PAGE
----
Building mplayer and gmplayer (mplayer gui)

In this entry I am going to go through the steps, which are needed for building the latest mplayer and gmplayer from their source codes. I am also going to show how to easily create .deb packages when using a distribution coming from the  Debian family (Debian,Ubuntu, Linux Mint etc.)  The steps below are done within a terminal client.

If you are using distributions that is not related to Debian family then compiling and installing follows the simple pattern of  ./configure && make && sudo make install

You can pass some options to the configure line, which appear under the section  CONFIGURE_FLAGS = \  (see below for a full example). A  short  example:  ./configure – – enable-gui

If you need any help with the configure line execute ./configure – – help for a full options listing.

Important. There should be no space between – – markings (this is a WordPress related problem, which  shows the markings incorrectly).

1. Create a directory for source code and cd into it.

mkdir mplayer && cd mplayer

2. Make sure all the dependencies are installed.

sudo apt-get install git-svn

sudo apt-get build-dep mplayer

3. Fetch mplayer sources. Fetching creates additional mplayer subdirectory.

svn checkout svn:// mplayer

4. Cd into the newly created directory mplayer and modify the rules file found inside the debian subdirectory.

cd mplayer

debian/rules file

The file controls how the mplayer will be built. If you want to build it with a gui (gmplayer) add   – -enable-gui \ to  the rules file. See below for an example. Reminder. There should be no space between – – markings (this is a WordPress related problem, which  shows the markings incorrectly).

– -prefix=/usr \
– -confdir=/etc/mplayer \
– -enable-xvmc \
– -enable-menu \
– -enable-radio –enable-radio-capture \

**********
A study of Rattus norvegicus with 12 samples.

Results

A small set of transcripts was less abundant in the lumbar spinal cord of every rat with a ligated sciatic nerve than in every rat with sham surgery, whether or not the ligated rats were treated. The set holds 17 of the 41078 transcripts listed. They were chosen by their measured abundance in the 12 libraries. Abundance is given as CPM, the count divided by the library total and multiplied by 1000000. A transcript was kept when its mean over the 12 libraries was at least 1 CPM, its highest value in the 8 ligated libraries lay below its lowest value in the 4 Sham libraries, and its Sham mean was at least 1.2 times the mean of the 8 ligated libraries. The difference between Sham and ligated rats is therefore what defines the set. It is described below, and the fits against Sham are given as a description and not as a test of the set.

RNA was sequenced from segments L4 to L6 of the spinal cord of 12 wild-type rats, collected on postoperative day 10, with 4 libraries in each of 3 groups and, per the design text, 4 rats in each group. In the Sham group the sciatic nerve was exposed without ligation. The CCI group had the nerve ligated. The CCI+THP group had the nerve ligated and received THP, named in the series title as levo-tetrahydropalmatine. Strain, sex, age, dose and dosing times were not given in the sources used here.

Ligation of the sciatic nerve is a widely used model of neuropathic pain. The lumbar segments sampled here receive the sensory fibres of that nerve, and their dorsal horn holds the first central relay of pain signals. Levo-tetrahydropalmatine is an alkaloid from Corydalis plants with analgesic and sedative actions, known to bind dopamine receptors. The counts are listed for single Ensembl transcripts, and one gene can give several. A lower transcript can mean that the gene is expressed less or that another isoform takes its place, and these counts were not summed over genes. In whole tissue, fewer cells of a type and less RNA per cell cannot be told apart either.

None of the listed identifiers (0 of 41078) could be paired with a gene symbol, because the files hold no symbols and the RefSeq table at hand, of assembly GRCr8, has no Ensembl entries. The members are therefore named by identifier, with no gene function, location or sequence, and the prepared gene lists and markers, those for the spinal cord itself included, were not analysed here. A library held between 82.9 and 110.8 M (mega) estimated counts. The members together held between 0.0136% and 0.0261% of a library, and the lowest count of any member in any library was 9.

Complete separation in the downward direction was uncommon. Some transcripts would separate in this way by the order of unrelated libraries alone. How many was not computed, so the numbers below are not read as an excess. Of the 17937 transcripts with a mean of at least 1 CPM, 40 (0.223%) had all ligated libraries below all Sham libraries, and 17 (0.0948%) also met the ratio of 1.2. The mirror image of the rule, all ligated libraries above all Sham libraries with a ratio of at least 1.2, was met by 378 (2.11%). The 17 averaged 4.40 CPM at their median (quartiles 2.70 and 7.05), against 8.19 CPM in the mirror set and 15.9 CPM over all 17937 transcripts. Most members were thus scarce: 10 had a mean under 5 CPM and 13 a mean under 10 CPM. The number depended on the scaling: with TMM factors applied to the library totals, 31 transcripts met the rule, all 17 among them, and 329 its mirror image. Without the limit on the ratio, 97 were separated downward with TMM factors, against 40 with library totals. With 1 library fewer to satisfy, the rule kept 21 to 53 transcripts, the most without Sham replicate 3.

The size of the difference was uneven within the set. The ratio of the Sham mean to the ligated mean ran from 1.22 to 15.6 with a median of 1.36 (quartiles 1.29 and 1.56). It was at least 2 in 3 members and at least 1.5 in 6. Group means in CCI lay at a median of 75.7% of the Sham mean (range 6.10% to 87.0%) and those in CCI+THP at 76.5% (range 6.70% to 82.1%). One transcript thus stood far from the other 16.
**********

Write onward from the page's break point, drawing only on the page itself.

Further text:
– -disable-arts \
– -language=all \
– -enable-gui   \

Note. Using libdvdcss might impose legal issues in some countries, like USA. If you choose to disable the internal libdvdcss that comes with mplayer add  – -disable-libdvdcss-internal \ to CONFIGURE_FLAGS.

Once you are done tweaking the rules file then you need to build the debian package. Inside the  debian folder you can find a file called . Open a terminal and execute the file in it and the compilation should start. An example:


On the above we throw the full path of the script to the terminal. On the example tester is a username.

Once mplayer is done building then you should have the following debian binaries available in the parent mplayer directory:

mplayer-dbg_1.0~svn37204_i386.deb = Dpkg files
mplayer-doc_1.0~svn37204_all.deb     = Documentation
mplayer-gui_1.0~svn37204_i386.deb   = gmlayer (mplayer gui)
mplayer_1.0~svn37204_i386.deb           = mplayer (the non-gui client)

If you want to use mplayer only within a terminal then you would install only the non-gui client.
If you want a gui with mplayer install gmplayer as well.

Note. When you install gmplayer you will get an error saying mplayer-skin-blue is missing. Do not be alarmed by it – even as it finishes the installation with an error. The error is easily fixed afterwards by executing as a root or a sudo:

apt-get -f install

The above command fetches the mplayer-skin-blue from Debian repositories and installs it along with the the mplayer and gmplayer we built earlier.

When all is done you can execute mplayer with mplayer command and gmplayer with gmplayer command.

Adding more skins to gmplayer.

Since the default skin might get boring, you can get new skins for gmplayer from:

Download the skins you want and decompress the archives. Once the decompressing is done move the skin folders to /usr/share/mplayer/skins directory as a root or a sudo.

An example: sudo mv /home/tester/Downloads/darker-skin /usr/share/mplayer/skins

When the above is done any new skin should be installed. You will more than likely need to restart gmplayer before you can see and apply some new skins via gmplayer skin browser.